WASHINGTON (PAI) – The National Labor Relations Board’s general counsel, its top enforcement officer, has decided to seek quick court injunctions when firms illegally fire workers who are union organizers.
That’s a change from the board’s enforcement, or lack of it, when a Bush-named GOP majority controlled the agency. Then such court orders, called 10(j) injunctions, were rare. But the new board has approved the general counsel’s requests for five 10(j)s within the last three months.
And the five range from small firms, a private school in Portland, Ore., which specializes in French immersion for its students, to large: Kaiser Permanente.
“Going forward, in all cases found meritorious the General Counsel’s office will consider seeking a federal injunction that would compel an employer to offer reinstatement to the fired workers pending litigation of the underlying unfair labor practice case. In addition, new timelines and procedures have been created to speed up the process,” the board’s announcement said.
“Firing an employee in the middle of a union organizing campaign can quickly destroy the campaign by creating a climate of fear in the workplace,” explained acting General Counsel Lafe Solomon. “Clearly, it can also have a devastating effect on the employee’s life. We need to ensure the statutory rights of unlawfully fired employees are restored in real time. These cases go to the very essence of our enforcement responsibilities.”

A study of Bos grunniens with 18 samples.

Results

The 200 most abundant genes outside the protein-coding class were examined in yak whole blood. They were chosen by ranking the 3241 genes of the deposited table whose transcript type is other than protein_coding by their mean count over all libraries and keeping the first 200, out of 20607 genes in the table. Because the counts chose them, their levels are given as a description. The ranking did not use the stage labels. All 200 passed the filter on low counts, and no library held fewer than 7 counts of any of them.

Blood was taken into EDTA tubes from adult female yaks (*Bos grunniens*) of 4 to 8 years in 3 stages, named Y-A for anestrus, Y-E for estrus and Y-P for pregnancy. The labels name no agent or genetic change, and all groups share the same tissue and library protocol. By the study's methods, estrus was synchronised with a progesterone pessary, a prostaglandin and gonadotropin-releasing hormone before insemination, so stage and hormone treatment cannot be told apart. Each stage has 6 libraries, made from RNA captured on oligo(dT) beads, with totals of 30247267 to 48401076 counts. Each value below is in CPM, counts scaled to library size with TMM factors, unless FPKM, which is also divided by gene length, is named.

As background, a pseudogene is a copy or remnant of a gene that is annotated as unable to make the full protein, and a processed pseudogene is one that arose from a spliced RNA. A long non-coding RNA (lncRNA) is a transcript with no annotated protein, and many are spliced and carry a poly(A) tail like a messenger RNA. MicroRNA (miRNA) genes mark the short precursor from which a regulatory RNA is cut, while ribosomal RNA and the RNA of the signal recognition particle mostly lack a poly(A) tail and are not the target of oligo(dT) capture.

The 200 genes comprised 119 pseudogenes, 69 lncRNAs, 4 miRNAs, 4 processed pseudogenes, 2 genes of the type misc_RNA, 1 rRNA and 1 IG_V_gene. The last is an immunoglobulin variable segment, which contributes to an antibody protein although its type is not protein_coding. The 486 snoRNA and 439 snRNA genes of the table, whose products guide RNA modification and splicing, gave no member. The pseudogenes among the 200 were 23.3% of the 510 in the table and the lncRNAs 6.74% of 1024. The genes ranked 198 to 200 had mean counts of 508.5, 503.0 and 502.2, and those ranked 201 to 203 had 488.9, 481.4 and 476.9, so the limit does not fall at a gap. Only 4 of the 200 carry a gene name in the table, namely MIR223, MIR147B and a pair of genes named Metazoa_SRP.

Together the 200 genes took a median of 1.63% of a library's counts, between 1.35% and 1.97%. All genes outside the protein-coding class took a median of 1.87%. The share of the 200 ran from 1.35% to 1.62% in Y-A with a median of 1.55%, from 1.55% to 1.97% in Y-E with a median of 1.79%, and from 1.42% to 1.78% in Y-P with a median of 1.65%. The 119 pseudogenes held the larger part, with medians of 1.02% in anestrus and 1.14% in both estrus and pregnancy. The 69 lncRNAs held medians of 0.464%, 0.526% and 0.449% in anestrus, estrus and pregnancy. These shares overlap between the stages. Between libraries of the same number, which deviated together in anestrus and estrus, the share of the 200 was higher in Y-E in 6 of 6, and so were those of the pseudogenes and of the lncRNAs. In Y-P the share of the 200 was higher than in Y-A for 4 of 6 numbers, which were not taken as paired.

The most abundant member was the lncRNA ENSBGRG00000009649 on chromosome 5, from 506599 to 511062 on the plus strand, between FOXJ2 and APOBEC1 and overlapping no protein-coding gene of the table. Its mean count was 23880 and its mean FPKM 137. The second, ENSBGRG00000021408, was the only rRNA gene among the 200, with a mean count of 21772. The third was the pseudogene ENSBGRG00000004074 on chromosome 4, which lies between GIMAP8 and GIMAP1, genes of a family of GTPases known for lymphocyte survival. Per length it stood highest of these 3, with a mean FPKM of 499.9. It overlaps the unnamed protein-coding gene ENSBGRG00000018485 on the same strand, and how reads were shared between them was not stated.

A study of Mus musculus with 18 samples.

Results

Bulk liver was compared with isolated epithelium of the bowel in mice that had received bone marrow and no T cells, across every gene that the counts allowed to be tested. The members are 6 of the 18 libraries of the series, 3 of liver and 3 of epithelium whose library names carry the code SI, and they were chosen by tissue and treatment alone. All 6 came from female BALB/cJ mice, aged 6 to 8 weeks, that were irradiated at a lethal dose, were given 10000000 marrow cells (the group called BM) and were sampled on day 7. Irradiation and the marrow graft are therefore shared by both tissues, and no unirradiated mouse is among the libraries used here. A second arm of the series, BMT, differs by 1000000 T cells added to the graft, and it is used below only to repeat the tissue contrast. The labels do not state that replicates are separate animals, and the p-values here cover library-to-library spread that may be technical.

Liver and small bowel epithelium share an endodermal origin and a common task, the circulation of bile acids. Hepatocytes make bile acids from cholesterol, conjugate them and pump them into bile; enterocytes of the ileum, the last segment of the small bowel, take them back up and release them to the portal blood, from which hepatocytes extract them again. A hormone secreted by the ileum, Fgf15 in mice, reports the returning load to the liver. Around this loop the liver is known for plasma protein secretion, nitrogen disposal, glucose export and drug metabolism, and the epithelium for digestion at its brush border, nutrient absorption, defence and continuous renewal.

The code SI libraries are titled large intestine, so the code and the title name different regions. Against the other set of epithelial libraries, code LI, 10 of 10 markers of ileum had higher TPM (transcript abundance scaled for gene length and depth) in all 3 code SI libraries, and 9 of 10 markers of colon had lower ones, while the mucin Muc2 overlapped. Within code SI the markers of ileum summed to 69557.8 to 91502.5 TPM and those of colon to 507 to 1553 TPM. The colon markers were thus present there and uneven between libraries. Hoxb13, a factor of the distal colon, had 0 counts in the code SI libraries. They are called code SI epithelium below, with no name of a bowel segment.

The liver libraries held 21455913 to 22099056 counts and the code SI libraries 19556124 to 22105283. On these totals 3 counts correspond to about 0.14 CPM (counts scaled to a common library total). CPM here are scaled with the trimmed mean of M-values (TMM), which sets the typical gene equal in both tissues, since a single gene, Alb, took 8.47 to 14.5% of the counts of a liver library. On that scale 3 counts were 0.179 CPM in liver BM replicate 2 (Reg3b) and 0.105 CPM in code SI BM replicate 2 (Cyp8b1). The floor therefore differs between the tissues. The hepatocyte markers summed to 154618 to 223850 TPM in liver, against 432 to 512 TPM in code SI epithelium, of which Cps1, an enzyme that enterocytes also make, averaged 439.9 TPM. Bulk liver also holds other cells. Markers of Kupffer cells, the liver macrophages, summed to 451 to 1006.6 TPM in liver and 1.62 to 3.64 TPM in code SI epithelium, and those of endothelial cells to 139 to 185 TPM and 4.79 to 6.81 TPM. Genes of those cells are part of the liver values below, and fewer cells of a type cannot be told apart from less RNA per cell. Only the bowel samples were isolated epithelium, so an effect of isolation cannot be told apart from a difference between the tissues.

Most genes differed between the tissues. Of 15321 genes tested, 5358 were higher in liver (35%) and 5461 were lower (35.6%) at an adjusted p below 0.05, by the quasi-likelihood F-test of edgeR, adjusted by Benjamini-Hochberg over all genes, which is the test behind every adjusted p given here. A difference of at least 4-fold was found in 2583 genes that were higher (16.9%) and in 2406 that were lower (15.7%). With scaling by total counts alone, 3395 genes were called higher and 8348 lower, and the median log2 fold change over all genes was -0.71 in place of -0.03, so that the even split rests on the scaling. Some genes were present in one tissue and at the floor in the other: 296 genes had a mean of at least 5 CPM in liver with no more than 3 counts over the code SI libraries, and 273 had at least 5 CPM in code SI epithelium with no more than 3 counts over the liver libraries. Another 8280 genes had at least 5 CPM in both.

Solomon told the NLRB’s regional directors to “immediately investigate allegations of unlawful firings in organizing cases.” If they find the cases have merit, they must send the cases to his office, with a memo explaining the circumstances, “ideally within a week.”
He also ordered regional staffers to “identify potential 10(j) cases at the earliest possible stage.” Once the full NLRB approves the requests, Solomon wants quickly scheduled hearings, expeditious trials and NLRB regional office opposition to companies’ demands for postponements. If the companies persist in delay, the regional chiefs should file special appeals against the postponements, Solomon said.
Solomon promised to review each 10(j) request, using recommendations from the regional director and the board’s injunction litigation branch. Then he’ll take the requests to the board, which now has four members. Board Chairman Wilma Liebman promised quick action, too. “The board recognizes that 10(j) injunctions are a vital enforcement tool and time is of the essence in this kind of case,” she said.